Ultrasonic Distance Sensor
Ultrasonic range sensors measure the distance to an object by bouncing ultrasonic waves off of it. Since the wave's speed of travel is known, the elapsed time between when the wave is emitted and when it returns to the sensor can be used to calculate the distance to the object. These sensors come in varying ranges and strengths but can be fairly accurate at a relatively inexpensive price.
Obstacle Detection: Detects the nearest obstacle in a cone. Although the detection area is significantly larger than IR and 1D lidar, the ultrasonic sensor still only measures the distance to the closest object. Maximum detection range is about 15 feet.
Ideal operating conditions: No sources of external ultrasonic noise present.
- Data is easily processed, allowing the use of cheaper microcontrollers
- Good detection range and update rate
- Ultrasonic emissions can echo, causing the receiver to pick up “ghost” data
- Similarly, complications can arise if multiple ultrasonic sensors are used since receivers can pick up emissions from other sensors. Some effort may be required to coordinate the emit/receive measurement times for each sensor.
Ultrasonic Beam Detection Patterns
Here is a comparison of beam detection patterns between sensors in the LV-MaxSonar-EZ line:
The beam patterns are shown as viewed from the top, though they would look similar viewed from the side as well. The patterns are generated by keeping the sensor at a fixed location (the bottom center of each grid, facing up) and a dowel is moved in at progressively further distances from the sensor until the dowel is detected. By tracking the points where the dowel is detected and lost by the sensor, the beam pattern profile is generated.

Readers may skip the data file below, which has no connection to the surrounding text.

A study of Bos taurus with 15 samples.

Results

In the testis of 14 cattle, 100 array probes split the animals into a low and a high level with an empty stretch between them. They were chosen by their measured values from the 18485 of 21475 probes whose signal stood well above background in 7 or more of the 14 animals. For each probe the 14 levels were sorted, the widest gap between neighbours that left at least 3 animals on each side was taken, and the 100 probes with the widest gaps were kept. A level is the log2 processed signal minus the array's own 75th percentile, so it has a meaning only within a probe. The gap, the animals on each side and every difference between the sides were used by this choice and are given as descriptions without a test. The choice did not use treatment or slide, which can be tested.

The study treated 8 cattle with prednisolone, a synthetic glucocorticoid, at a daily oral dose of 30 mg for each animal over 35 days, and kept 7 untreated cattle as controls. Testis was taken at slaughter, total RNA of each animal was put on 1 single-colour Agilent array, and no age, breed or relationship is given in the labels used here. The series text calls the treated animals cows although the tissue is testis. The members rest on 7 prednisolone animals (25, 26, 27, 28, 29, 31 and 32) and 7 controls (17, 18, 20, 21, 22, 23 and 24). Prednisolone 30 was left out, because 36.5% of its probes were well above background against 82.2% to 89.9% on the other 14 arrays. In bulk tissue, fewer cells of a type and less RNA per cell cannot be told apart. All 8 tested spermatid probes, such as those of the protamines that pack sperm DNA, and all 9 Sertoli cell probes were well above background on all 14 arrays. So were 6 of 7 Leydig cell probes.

Each column is a different ultrasonic sensor model, and a different diameter test dowel is used for each row of the table. Note that the sensors are all able to detect larger dowels from further distances away and thus have larger beam detection patterns on the lower rows of the table. Conversely, they can only see smaller dowels at close distances and have smaller detection patterns on the upper table rows where smaller dowels are used. The solid black line shows the beam pattern when the sensor is powered at 5V, while the red circles show the beam pattern while the sensor is powered by 3.3V. For these sensors, the beam detection pattern is almost always larger with 5V than with 3.3V.
Depending on the application, a wide or narrow beam wave might be a better fit. The HRLV-MaxSonar-EZ0 has the widest and most sensitive beam pattern of any unit from HRLV-MaxSonar-EZ sensor line. This makes the HRLV-MaxSonar-EZ0 an excellent choice for use where high sensitivity, wide beam, or people detection is desired. The HRLV-MaxSonar-EZ4 is the narrowest beam width sensor that is also the least sensitive to side objects offered in the HRLV-MaxSonar-EZ sensor line. The HRLV-MaxSonar-EZ4 is an excellent choice when only larger objects need to be detected.